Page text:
A new study out of the Harvard School of Medicine confirmed once again that accusing someone of being a pharma shill and then blocking or banning them from a page is still the best way to win an argument when online.
“We talked to several prominent anti-vaccine commenters and they all agreed with our findings,” said lead researcher Dr. Tom Vivaldi. “We spoke with people like AutismDadd, Tanners Dad and Anne Dachel. They all said that when faced with overwhelming scientific evidence that they are wrong about vaccines, the best thing to do is call the other person a shill and then either block or ban them (if on a page that one has admin privileges).”
Most anti-vaccers in online arguments will follow a standard protocol:
- Claim the study/report in question is funded by big pharma (no matter how far of a stretch it is). ALWAYS USE CAPS LOCK.
- Link to another “study” done by an anti-vaccine researcher which contradicts said study. This is usually an online survey or poorly done observational study which has not been accepted into any major publication.
- Keep sending links to anti-vaccine and conspiracy websites and urge others to “do your research”.
- Ignore all evidence presented by others.
- Claim they must be a shill for big pharma and paid to write comments. Block and Ignore.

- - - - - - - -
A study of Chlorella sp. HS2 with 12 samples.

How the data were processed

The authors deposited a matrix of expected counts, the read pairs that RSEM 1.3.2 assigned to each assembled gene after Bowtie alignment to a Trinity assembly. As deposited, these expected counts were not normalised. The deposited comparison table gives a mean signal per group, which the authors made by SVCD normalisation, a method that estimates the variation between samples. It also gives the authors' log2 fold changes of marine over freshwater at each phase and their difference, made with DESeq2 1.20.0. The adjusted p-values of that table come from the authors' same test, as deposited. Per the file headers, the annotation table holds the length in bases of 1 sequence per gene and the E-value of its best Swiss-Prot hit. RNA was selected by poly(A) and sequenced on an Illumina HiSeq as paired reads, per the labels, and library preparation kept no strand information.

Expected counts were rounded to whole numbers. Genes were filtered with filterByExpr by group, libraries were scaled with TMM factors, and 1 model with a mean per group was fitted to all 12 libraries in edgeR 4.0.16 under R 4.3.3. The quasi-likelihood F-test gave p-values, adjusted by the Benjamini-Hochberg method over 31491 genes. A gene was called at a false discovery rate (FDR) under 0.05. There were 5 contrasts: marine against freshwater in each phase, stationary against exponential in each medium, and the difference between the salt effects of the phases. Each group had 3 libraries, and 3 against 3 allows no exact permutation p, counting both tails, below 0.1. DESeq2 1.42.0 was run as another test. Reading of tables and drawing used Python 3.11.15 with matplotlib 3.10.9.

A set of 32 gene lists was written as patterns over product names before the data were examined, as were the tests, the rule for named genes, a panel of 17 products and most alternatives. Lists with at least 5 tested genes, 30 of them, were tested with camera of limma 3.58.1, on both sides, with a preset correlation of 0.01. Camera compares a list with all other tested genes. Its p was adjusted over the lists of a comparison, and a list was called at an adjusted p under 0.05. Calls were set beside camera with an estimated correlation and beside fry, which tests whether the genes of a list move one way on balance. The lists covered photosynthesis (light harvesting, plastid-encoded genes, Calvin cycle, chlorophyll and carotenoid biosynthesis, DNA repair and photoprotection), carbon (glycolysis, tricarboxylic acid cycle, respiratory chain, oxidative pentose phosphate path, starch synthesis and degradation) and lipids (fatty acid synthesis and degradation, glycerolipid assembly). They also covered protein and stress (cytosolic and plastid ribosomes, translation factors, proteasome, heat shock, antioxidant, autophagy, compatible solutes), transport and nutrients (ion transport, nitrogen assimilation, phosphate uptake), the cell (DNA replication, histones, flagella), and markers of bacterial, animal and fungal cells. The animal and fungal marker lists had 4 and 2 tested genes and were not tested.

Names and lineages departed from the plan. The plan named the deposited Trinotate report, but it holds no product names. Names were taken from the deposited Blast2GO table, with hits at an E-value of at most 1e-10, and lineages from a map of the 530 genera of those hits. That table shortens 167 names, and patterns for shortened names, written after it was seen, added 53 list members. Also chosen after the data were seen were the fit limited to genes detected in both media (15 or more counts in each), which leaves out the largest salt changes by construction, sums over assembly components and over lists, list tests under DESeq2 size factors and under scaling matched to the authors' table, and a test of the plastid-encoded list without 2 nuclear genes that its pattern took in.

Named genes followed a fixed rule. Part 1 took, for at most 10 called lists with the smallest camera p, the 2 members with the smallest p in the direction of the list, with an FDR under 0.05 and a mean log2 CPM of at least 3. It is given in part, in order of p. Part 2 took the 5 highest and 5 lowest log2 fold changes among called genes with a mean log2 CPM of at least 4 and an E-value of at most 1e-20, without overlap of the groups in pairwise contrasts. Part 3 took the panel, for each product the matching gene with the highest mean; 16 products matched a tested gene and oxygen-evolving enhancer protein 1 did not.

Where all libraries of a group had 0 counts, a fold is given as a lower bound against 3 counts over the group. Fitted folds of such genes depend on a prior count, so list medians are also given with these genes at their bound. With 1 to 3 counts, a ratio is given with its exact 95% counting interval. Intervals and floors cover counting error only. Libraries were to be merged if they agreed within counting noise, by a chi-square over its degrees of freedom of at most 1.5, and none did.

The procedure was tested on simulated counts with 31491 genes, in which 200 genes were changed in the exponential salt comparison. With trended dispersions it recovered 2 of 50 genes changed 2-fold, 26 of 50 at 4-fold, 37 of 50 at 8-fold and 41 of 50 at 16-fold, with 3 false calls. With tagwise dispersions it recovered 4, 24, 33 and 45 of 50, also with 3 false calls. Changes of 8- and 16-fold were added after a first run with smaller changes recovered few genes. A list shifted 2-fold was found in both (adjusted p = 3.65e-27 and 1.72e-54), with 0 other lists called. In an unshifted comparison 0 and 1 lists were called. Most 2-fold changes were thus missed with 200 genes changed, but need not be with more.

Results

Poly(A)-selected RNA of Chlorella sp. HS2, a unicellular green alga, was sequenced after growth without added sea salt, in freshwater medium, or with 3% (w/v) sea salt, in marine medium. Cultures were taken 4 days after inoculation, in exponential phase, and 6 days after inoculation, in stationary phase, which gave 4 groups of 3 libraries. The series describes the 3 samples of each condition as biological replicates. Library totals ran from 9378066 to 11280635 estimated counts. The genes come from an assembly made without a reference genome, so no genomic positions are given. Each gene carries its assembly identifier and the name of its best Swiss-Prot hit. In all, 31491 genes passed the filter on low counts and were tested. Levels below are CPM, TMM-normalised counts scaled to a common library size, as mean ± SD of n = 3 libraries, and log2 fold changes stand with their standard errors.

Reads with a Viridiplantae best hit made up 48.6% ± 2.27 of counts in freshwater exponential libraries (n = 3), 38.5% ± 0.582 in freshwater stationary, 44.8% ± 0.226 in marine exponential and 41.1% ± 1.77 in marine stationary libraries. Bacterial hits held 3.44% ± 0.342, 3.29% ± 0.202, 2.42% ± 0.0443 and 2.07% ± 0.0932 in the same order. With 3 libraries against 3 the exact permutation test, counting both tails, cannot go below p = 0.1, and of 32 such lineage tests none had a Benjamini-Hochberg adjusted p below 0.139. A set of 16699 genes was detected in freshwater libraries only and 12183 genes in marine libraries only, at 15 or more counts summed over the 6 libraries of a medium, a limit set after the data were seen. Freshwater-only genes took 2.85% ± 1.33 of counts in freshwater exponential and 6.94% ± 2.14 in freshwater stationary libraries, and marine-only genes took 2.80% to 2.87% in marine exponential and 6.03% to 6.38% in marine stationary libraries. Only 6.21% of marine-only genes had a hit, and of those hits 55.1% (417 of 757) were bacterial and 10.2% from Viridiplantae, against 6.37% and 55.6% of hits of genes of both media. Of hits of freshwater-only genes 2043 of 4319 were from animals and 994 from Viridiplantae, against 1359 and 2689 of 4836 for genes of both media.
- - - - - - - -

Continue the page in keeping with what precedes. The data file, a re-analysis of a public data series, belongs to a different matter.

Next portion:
This simple 5 step system has worked for the anti-vaccer for over ten years and is a tried and true method to tell yourself you have “won” the argument.
“As soon as you ask the pro-vaccer to provide evidence that is not linked to any pharma company, university, the CDC, FDA, any government agency or any research institute which has ever had an employee who has ever worked anywhere that has ever received any type of money from any organization or company we deem to be in the pockets of big pharma, they can never produce it,” explained Tanners dad Tim. “They just keep sending links to peer-reviewed studies and we keep fighting back with anecdotes and links to whale to and natural news. Once we start to lose the argument, that’s when you just call them a shill and move on victorious.”
The study was of course funded by big pharma, so anti-vaccers are on the fence about whether or not to believe the results.
“Yah this is a bit a unique situation,” said Tim. “The report is correct, but it was also funded by Harvard who has a chair in some department which was bestowed by a pharma company so my heart tells me I can’t believe any of it. I dunno what to do…shill.”